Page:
All oak grades are classified under the European standard. These grade can look like this: Q – B A.
Hardwoods Group supplies European oak, so the first letter for all our grades starts with the initial Q for Quercus, which is Latin for oak.
The second letter shown is the product:
B is for Boules – Cut from one tree, can be cut to any thickness – Waney Edge
S is for Selected Boards – Does not have to be the same tree and can be cut to any thickness or length needed – Waney Edge
F is for Squared Edge – Sawn to size – Kiln Dried Oak
P is for Beams – Cut to length required and can have several finishes – Oak Beams
The last letter refers to the quality grade. The letter can be an A for exceptional quality oak, or it can be a number 1 to 3, with 3 being of lower quality. 1 being good quality and 3 would have quite a bit of character, such as knots and sap. There is also a 4 which is the lowest quality, but we don’t supply that.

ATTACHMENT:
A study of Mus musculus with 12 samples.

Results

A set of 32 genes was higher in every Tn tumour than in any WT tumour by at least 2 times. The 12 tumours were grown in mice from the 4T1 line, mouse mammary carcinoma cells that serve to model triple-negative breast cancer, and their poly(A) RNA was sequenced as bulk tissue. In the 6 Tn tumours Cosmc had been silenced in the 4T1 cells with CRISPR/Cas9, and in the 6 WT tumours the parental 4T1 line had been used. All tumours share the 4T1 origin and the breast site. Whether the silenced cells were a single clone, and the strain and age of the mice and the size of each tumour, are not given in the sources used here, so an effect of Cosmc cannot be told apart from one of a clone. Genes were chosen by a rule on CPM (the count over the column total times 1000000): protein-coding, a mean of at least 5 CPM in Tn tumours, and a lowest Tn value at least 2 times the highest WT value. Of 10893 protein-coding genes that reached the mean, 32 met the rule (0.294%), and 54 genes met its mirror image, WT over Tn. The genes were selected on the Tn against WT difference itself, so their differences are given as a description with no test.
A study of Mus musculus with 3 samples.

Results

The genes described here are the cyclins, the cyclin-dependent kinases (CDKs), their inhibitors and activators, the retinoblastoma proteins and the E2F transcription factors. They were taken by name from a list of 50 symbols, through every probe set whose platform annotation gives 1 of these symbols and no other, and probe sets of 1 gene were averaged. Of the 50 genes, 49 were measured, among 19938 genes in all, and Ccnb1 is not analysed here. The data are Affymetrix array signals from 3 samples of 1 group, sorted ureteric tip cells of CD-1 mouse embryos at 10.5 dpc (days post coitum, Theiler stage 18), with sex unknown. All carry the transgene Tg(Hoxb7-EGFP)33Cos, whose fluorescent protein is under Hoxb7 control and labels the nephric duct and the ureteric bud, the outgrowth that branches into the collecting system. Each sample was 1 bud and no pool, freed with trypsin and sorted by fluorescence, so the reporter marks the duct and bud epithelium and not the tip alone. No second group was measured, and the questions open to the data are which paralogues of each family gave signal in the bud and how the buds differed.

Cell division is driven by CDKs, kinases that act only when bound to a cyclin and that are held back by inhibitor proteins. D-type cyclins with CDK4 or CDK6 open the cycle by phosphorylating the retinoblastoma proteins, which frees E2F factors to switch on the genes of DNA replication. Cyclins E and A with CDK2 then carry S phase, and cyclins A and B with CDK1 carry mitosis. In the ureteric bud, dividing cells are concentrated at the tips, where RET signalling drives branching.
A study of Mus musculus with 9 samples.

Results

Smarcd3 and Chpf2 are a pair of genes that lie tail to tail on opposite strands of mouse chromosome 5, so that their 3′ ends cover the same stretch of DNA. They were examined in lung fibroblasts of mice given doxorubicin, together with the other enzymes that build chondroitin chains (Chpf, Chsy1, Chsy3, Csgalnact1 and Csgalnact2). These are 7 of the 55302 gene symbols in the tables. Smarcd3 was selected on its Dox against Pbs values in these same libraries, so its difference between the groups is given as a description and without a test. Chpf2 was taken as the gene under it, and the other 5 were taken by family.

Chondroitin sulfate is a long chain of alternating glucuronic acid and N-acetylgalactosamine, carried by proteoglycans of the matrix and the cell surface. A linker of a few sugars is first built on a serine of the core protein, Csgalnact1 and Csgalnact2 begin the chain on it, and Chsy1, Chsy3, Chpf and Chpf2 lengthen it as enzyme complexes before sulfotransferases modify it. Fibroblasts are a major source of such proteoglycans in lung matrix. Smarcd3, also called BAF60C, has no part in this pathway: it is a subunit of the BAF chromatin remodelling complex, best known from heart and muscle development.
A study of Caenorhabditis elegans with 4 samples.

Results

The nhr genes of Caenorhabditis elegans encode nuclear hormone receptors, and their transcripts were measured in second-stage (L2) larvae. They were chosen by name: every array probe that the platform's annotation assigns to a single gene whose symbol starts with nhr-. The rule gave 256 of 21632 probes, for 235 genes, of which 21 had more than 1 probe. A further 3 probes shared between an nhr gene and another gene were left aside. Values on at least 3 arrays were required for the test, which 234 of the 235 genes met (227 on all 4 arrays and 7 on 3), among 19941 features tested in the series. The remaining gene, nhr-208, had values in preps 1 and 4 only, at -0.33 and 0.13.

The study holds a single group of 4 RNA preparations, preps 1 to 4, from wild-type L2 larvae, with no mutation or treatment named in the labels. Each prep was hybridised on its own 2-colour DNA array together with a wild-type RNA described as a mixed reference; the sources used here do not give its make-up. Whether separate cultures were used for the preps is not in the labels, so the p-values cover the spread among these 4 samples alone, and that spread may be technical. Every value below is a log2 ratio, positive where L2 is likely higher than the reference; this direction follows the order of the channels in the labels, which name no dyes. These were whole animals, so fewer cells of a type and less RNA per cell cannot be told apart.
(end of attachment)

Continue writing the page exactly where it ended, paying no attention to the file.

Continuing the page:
The quality grade can also be referred to as Prime, FAS (first and seconds), Joinery, Character.
Prime used in the above would be A for exceptional. The word Prime generally means ‘of the best quality’ and the same goes for oak. It’s nearly flawless with less knots, one small bark pocket is allowed, and small sap bands are allowed. Perfect for joinery, carpentry, furniture and cladding.
FAS is the equivalent to quality grade 1. Not much different to Prime, very clear and perfect for joinery, carpentry and furniture making.
Joinery would be quality grade 2. Joinery or Secondary grade is as good as Prime, but more knots and sap are allowed.
Character would be quality grade 3. At Hardwoods Group, Character is a favourite and we have seen some great projects made with it. This is anything that doesn’t make the Prime grade, and like the words says, the oak has more character. There might be slight colour variations and knots, sap and splits.
Pippy doesn’t have a grade. Pippy or sometimes called Patte de chat (cats paw in french) due to lots and lots of small knots, that can some times look like cat paw marks.